During WWII the Japanese Navy changed its communication codes on a regular basis, this was a mammoth task as new codebooks had to be transferred to all ships, islands and outposts.
Submarines were the logical choice for this task as they could reach their destination stealthily and could fight back when attacked. One of these subs was the I-1, unfortunately for the Japanese, she had an encounter with the New Zealand Navy.
The Japanese submarine I-1 measuring 320’x30’, she was captained by Lieutenant Commander Eiichi Sakamoto. With her twin shaft MAN 10 cylinder stroke diesel engines and two electric motors, she could travel 18 knots on the surface (20.71 mph) and eight knots (9.20 mph) below surface.
The I-1 was armed with a 14 cm/40 naval gun at the front and a 46 Daihatsu barge in the back, as well as six 533 mm torpedo tubes and 20 type 95 oxygen-driven torpedoes.
On 24 January 1943, she left her base at Rabaul, Papua New Guinea for the island of Buin with 20,000 codebooks and supplies. On January 29, she was heading for Guadalcanal in the Solomon Islands when she was discovered by two New Zealand naval trawlers – the HMNZS Kiwi (T102) and the HMNZS Moa (T233).
Both measured 168’X157.5’ and could travel at 13 knots (14.96 mph). Each were armed with a 4” gun, a 20 mm Lewis machine gun, mine-sweeping equipment, and an ASDIC (the precursor of sonar).
The Kiwi didn’t start off well. She left Britain in 1941 with the Moa and the Tui, but a storm hit and she suffered damage, forcing her to dock in Boston, Massachusetts for repairs. While the Moa waited, her captain, Lt. Cdr. Peter Phipps, convinced the US Navy to install a 20 mm Oerlikon in exchange for two bottles of gin.
The Kiwi and the Moa joined the 25th Minesweeping Flotilla in the Solomon Islands under US Navy Admiral William F. “Bull” Halsey, Commander of the US Pacific Fleet. In mid-January 1943, the Kiwi found the remains of a US Navy ship so its captain, Lt. Cdr. Gordon Brisdon, asked permission to salvage some of its parts, including its Oerlikon. The Americans were only too happy to help them install the cannon, which came in handy a few days later.
On January 29, the Kiwi and the Moa were a mile apart doing a routine sweep off Kamimbo Bay (on the northwestern end of Guadalcanal) when they entered history. The I-1 had done a cursory sweep of the surface with its periscope, but failed to see the two ships, so it surfaced at 6:30 PM… directly in front of the Kiwi.
The submarine dived, but the moon was in the last quarter and the tropical waters were phosphorescent. With her dark hull, the I-1 stood out. The Kiwi’s ASDIC located the submarine, so Brisdon ordered six depth charges dropped.
One hit close to the I-1’s stern. The resulting shockwave knocked out the port, electric motor, flooding her rear storeroom and popping some hull rivets. The lights went out as the submarine sank to the bottom over 180 meters below (100 meters lower than what she was built for). Upon impact, her two forward torpedo rooms crumpled and became unusable.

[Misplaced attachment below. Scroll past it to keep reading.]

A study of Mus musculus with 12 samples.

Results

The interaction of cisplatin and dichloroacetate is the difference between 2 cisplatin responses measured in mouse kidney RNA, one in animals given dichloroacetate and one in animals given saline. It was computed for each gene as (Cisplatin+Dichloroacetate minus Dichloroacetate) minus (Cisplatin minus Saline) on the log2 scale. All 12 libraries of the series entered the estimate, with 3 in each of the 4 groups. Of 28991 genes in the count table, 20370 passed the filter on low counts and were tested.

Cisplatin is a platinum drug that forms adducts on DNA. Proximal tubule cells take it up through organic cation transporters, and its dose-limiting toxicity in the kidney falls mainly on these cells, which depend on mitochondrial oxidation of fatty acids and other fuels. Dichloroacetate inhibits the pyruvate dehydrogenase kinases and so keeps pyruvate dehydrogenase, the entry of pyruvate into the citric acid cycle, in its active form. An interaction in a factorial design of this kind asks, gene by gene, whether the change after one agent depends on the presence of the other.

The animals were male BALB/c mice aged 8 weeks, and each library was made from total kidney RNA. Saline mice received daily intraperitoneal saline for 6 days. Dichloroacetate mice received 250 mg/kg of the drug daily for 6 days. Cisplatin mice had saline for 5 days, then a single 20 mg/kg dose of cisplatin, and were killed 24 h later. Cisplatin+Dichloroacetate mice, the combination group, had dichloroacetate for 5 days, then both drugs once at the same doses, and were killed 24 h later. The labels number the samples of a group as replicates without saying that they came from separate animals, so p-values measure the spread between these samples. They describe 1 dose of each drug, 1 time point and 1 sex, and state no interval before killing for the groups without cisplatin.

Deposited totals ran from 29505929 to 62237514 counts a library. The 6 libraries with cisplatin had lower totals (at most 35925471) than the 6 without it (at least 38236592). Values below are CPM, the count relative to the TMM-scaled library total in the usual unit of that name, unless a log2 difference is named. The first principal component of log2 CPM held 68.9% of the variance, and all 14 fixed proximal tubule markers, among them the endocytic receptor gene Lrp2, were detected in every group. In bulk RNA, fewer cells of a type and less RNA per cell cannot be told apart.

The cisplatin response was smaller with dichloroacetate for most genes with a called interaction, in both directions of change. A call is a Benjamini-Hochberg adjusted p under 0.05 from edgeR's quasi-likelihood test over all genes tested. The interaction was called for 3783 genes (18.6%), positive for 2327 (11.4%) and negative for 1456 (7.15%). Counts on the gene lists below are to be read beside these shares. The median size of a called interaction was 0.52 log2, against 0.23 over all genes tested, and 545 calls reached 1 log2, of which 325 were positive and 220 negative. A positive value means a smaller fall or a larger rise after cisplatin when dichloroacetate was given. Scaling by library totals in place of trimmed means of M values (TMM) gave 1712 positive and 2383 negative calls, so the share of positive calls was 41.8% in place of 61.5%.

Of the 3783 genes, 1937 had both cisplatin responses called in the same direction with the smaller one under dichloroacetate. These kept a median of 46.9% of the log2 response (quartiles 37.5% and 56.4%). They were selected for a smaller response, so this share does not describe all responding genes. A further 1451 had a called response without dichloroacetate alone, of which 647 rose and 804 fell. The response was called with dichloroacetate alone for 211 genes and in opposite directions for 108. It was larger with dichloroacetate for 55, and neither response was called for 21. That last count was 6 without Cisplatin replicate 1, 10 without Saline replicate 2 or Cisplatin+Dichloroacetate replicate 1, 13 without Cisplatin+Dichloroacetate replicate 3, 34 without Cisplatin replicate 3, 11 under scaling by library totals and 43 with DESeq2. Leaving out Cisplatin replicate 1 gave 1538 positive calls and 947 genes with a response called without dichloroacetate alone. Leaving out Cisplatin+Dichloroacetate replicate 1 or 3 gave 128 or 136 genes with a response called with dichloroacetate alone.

Back on the surface, the Kiwi’s ASDIC lost the I-1, but the Moa found it, allowing the Kiwi to drop six more charges. Desperate, Sakamoto ordered the submarine to the surface. With her electric motor out, the I-1 could only make 11 knots (12.65 mph) with her starboard diesel engine, but they were close to Japanese-occupied territory so they thought they had a chance.
Brisdon wanted to ram the submarine, but the I-1 was double the size of the Kiwi, so the crew members were reluctant.
“A weekend leave for everyone if we ram that thing!” Brisdon yelled.
The Kiwi hit the I-1 on the port-side behind the conning tower. Japanese submariners immediately began to leave their vessel; some fell in the water while others dived as the Kiwi backed up and fired its Oerlikon. The submarine’s hull was too thick, but it had some barges hooked to its afterdeck, so those burst into flames. The Japanese gun crew was quickly taken care off, but more took their place until, their commander Sakamoto was killed.
The Moa also fired and shot parachute flares into the air to illuminate the battle, but couldn’t get too close. Aboard the Kiwi, 23-year-old Signalman Campbell Howard Buchanan manned the searchlight and 10-inch signal lamp, making him a target for Japanese return fire.
“Hit her again!” Brisdon roared, promising a week’s leave – but the I-1 still wouldn’t sink.
Return fire from the deck of the submarine hit the Kiwi, and Brisdon promised a two-week leave in Auckland if they rammed her a third time. They rammed again and they ended all the way on I-1’s deck before sliding back off. For a moment all was calm.
With the captain dead, Torpedo Officer Lt. Koreeda Sadayoshi took command. Four Arisaka Type 38 rifles were passed among the best sharpshooters of the surviving crew. As the Kiwi’s fore slid off the I-1’s deck and back into the water, one hit Buchanan, but he kept manning the lights.
So Sadayoshi ordered all the officers to get their swords and try to board the Kiwi. The navigator, Lt. Sakai Toshimi, was a Kendo 3rd dan swordsman. As the Kiwi made its fourth approach, he grabbed the railing… but the impact was too hard, and he lost his grip.
The I-1 was taking on water and its stern was sinking. By 8:30 PM, it was all over. Sadayoshi ordered the I-1 to run aground on Guadalcanal, where it rested at a 45° angle. With 27 dead, missing, or taken as POWs, 66 reached the shore and made it back to their base. Buchanan was the only casualty on the New Zealand side.
The sinking of the Japanese submarine was only one of the contributions made by New Zealand to the defeat of Japan in the Pacific. The sinking of I-1 remains one of the proudest moments in New Zealand naval history.
Critical codes remained on board and the Japanese command tried unsuccessfully to destroy the boat with air and submarine attacks. The US Navy reportedly salvaged code books, charts, manuals, the ship’s log and other secret documents.